I’ve Been Hearing a Lot Lately About Mandatory Paid Time Off (PTO) for Employees. Do I Legally Need to Provide Employees with PTO?
By Kevin M. Mosher • Jun 27, 2014
Election years. In additional to enhanced media coverage, and exciting commercials, they also increase discussions regarding seemingly partisan related issues. Not coincidently we’ve seen a big push at the state level and national level focusing on gender rights in the workplace.
Minnesota is not alone and some states are further along this path, but the state seems to be ground zero for new laws aimed at increasing gender equality in the workplace. While the Women’s Economic Security Act (WESA) is big news and deserves significant employer attention (i.e. call with questions), one of the major proposed components for the Act didn’t pass–mandatory paid time off. Part of WESA until the end, the proposal would have required all employers to provide covered employees with 1 hour of paid time off for sick or safety leave for every 30 hours of work, with a cap of 72 hours/year for companies with more than 21 employees. That would have been a big deal, but it didn’t pass.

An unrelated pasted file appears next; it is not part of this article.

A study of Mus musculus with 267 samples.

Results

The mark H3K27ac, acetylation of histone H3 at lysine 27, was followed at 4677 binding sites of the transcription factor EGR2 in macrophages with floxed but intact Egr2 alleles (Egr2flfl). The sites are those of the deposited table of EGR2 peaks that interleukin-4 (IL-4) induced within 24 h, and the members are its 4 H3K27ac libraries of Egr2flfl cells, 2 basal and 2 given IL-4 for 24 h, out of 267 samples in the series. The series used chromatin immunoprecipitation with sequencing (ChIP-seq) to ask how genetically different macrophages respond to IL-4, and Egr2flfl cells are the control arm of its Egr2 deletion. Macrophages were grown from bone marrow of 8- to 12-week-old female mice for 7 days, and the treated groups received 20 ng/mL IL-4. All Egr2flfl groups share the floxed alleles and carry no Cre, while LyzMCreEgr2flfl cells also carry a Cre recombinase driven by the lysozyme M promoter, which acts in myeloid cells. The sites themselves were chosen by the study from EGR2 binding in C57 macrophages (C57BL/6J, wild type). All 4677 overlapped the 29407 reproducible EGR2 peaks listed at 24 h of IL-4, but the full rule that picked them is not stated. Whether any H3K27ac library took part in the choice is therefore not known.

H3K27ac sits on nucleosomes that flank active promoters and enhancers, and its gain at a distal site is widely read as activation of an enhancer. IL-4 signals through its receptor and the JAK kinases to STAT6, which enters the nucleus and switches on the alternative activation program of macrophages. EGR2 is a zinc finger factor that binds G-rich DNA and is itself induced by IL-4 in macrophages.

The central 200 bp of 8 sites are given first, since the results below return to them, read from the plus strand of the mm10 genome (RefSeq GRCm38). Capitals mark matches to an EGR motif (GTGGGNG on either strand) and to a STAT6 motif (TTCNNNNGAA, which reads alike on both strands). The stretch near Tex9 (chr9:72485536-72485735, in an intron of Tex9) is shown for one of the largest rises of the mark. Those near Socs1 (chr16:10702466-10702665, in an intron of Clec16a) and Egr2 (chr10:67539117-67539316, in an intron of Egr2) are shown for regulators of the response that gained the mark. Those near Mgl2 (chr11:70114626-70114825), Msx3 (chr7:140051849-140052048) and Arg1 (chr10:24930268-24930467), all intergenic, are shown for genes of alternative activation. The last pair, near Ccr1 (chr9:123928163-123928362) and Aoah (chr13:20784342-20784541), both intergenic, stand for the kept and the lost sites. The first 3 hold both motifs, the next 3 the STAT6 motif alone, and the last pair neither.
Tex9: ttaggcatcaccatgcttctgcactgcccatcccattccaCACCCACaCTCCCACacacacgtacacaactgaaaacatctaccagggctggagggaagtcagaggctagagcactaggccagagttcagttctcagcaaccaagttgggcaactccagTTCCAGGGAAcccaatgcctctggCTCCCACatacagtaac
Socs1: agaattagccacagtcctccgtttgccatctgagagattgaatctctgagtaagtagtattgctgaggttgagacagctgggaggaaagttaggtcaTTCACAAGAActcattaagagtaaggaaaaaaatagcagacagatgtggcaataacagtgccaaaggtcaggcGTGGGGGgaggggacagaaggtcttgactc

The federal government is not far behind. This week President Obama held a “Summit on Working Families” to discuss ideas and legislation that would provide employees with various workplace rights. And what was the primary focus of his summit? Mandating that employers provide paid time off for maternity leave (for mothers only). Days later he then brought much of this summit’s message to a private town hall style meeting in Minnesota; friendly audience on an increasingly friendly issue in this state.
To answer the question though, today do you need to provide PTO in Minnesota or federally? No, but there is a lot of discussion going on about it and in Minnesota we came incredibly close to a mandate. I don’t anticipate the issue going away, so stay tuned to the issues (and if you can avoid the commercials, congratulations).
Thompson Coe and myHRgenius Tip of the Week is not intended as a solicitation, does not constitute legal advice, and does not establish an attorney-client relationship.